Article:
The Hidden Reality

Mary-Jo Kranacher, MBA, CPA, CFE

Fraud is not a new phenomenon in our society, but despite recent legislation and regulation, large frauds continue. Everyone seems to be searching for answers as to how frauds are perpetrated, why people are motivated to commit them, where we can find the red flags to detect them, and what can be done to prevent them in the future.

A hypothesis that has been tossed around lately is that the economic downturn is causing an increase in the risk of fraud. In fact, a recent white paper by Deloitte, “Financial Fraud: Does an Economic Downturn Mean an Uptick?” cites several studies that support the idea that fraud gets worse during a bad economy (www.deloitte.com/dtt/cda/doc/content/us_fas_financial_fraud_downturn_final.pdf). Two of the latest major frauds to hit the news may shed some light on the weaknesses in our financial reporting system.

Madoff's Scheme

Most investors can't resist a sure thing; after all, Bernard Madoff was promising—and consistently delivering—annual returns of 10% to 25%. What investors didn't know, until recently, was that those returns didn't come from earnings on their investments, but allegedly from a return of capital—someone else's capital.

With the benefit of hindsight, and after reviewing the details of Madoff's alleged $50 billion Ponzi scheme, it is easy to recognize the red flags that should have given pause to the many investors who placed their money with him. Some news articles on this story have pointed to the lack of asset statements from an independent bank custodian as a tip-off that should have alerted the auditors. Additionally, questions have been raised about whether an auditing firm of three people, one of whom was the secretary, could have handled such an engagement adequately. But what about the auditors of those organizations that invested with Madoff? That list includes some of the largest accounting firms. Shouldn't they have been able to detect that something was wrong, given the size of the fraud?

Ironically—but not surprisingly for any-one familiar with the modus operandi of white-collar criminals—Madoff was a well-respected individual, professionally and personally, before his alleged fraud became public knowledge. He was the former chairman of the Nasdaq, and held positions of prominence in his community. It is the classic tale of betrayal of trust.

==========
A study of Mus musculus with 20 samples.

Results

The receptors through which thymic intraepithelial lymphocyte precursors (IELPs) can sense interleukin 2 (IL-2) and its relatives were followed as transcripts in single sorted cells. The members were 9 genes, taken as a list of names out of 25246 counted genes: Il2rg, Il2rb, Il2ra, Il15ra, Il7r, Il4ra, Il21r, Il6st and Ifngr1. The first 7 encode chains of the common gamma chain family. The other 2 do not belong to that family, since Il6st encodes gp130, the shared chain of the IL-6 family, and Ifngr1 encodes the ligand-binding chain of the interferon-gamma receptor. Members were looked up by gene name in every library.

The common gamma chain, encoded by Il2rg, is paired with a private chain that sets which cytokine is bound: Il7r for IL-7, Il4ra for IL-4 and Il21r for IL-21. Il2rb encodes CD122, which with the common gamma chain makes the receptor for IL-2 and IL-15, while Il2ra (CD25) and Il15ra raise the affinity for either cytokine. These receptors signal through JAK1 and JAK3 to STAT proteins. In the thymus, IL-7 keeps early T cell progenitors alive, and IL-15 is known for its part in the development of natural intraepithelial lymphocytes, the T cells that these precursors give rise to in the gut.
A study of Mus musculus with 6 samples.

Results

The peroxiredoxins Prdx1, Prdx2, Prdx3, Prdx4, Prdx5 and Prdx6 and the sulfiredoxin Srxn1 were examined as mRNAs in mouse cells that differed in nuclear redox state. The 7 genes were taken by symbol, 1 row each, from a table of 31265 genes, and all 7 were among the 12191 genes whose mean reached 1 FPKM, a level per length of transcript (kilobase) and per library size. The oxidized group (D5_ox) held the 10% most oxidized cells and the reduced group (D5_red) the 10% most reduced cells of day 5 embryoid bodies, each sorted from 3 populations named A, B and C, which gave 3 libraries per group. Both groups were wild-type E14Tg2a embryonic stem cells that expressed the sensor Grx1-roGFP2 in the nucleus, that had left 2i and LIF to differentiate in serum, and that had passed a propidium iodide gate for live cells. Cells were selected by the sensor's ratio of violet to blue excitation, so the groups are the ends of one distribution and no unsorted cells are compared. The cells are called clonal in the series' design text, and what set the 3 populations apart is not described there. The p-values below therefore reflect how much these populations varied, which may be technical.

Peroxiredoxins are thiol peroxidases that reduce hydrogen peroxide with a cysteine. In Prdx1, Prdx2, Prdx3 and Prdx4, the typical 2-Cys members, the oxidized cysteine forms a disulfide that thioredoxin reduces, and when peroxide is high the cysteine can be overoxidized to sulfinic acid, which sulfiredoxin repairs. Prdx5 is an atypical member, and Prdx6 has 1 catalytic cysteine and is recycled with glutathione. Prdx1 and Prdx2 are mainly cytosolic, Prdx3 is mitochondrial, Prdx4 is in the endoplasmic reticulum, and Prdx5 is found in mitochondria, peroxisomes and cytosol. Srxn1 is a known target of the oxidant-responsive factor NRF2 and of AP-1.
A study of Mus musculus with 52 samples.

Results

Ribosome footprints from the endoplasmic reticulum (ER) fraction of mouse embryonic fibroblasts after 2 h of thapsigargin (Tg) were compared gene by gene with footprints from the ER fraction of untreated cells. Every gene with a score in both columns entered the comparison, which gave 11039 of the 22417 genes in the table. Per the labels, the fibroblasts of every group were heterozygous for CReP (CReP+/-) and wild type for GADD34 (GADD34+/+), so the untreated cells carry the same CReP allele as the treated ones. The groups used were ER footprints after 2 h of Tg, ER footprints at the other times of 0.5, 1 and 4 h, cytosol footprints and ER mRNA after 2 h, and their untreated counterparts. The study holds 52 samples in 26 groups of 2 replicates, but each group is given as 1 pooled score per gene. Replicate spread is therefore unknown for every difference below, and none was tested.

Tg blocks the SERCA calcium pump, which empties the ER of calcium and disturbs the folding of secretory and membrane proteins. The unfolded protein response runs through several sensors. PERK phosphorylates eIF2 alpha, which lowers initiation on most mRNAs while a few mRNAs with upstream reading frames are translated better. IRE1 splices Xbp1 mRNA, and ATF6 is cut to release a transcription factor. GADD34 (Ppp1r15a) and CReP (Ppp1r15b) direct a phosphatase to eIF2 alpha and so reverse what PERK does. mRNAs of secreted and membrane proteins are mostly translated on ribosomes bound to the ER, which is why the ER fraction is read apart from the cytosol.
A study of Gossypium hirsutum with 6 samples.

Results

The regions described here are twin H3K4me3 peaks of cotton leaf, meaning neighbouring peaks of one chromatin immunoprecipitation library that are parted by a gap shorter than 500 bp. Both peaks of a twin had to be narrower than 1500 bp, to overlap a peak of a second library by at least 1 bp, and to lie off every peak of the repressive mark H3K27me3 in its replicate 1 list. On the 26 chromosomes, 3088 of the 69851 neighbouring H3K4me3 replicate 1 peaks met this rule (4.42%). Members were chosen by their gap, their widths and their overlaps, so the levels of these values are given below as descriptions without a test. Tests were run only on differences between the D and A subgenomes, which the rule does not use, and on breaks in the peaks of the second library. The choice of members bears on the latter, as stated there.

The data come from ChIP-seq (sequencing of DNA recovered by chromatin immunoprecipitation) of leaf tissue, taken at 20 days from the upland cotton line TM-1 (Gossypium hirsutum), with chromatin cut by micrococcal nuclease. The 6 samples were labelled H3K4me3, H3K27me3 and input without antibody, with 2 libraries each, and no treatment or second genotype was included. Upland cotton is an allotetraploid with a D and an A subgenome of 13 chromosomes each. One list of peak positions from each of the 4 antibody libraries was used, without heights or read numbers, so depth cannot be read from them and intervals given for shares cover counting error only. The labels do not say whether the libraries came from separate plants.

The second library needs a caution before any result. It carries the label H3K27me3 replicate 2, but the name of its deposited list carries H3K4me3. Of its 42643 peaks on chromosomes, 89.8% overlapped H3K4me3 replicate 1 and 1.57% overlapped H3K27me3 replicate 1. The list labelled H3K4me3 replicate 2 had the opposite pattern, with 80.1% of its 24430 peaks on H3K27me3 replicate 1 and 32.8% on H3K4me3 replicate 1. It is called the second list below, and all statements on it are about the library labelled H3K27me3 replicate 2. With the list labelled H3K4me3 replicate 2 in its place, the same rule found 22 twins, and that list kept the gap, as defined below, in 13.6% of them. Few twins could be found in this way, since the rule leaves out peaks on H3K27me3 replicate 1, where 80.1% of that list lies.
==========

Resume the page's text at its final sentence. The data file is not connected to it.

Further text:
India's Enron

On the heels of the Madoff scandal came an international fraud involving a public company called Satyam Computer Services, Ltd., India's fourth-largest information technology company. This episode has been referred to in the international media as “India's Enron” because, like Enron, Satyam won recognition in its country for innovation and corporate governance; that is, until the company's founder and chairman, Ramalinga Raju, admitted in a recent letter to the company's board of directors to perpetrating a fraudulent financial statement scheme.

According to the letter, the company's September 30, 2008, financial statements included an inflated cash balance, nonexistent accrued interest, an understated liability, overstated receivables, and overstated revenue. Raju acknowledged that the fraud was ongoing for several years, and although it began with small amounts of fictitious profits and cash accounts, it grew to more than a billion dollars.

Unlike the Enron fraud, which used special-purpose entities and off–balance-sheet transactions to defraud investors, Satyam's scheme was ludicrously simple—reporting assets and revenue that didn't exist. In fact, approximately 94% of the cash reported on the company's balance sheet was fictitious. This has led many to ask the obvious question: How did the auditors audit cash that was nonexistent?

The sheer magnitude of these frauds makes one wonder how they slipped through the cracks of the financial reporting system for so long. Yet fraud was neither detected as a result of the regulatory process nor through an audit, but rather through self-incrimination. Madoff's family turned him in to authorities after he admitted the details of his scheme to them. Raju himself confessed the details of his fraud in a written announcement.

What's Beneath the Surface?

As the Madoff and Satyam scandals make glaringly clear, our financial reporting system has a long way to go in the area of fraud detection. Does an economic downturn cause an increase in fraud? Perhaps, but the Madoff and Satyam frauds began long before our current financial crisis struck.

It's been said that a rising tide raises all boats; maybe an economic downturn simply causes us to discover frauds that have been ongoing for years because, like low tide, it exposes all the rubbish that had been hidden beneath the surface.

As always, I welcome your comments.

Mary-Jo Kranacher, MBA, CPA, CFE. Editor-in-Chief.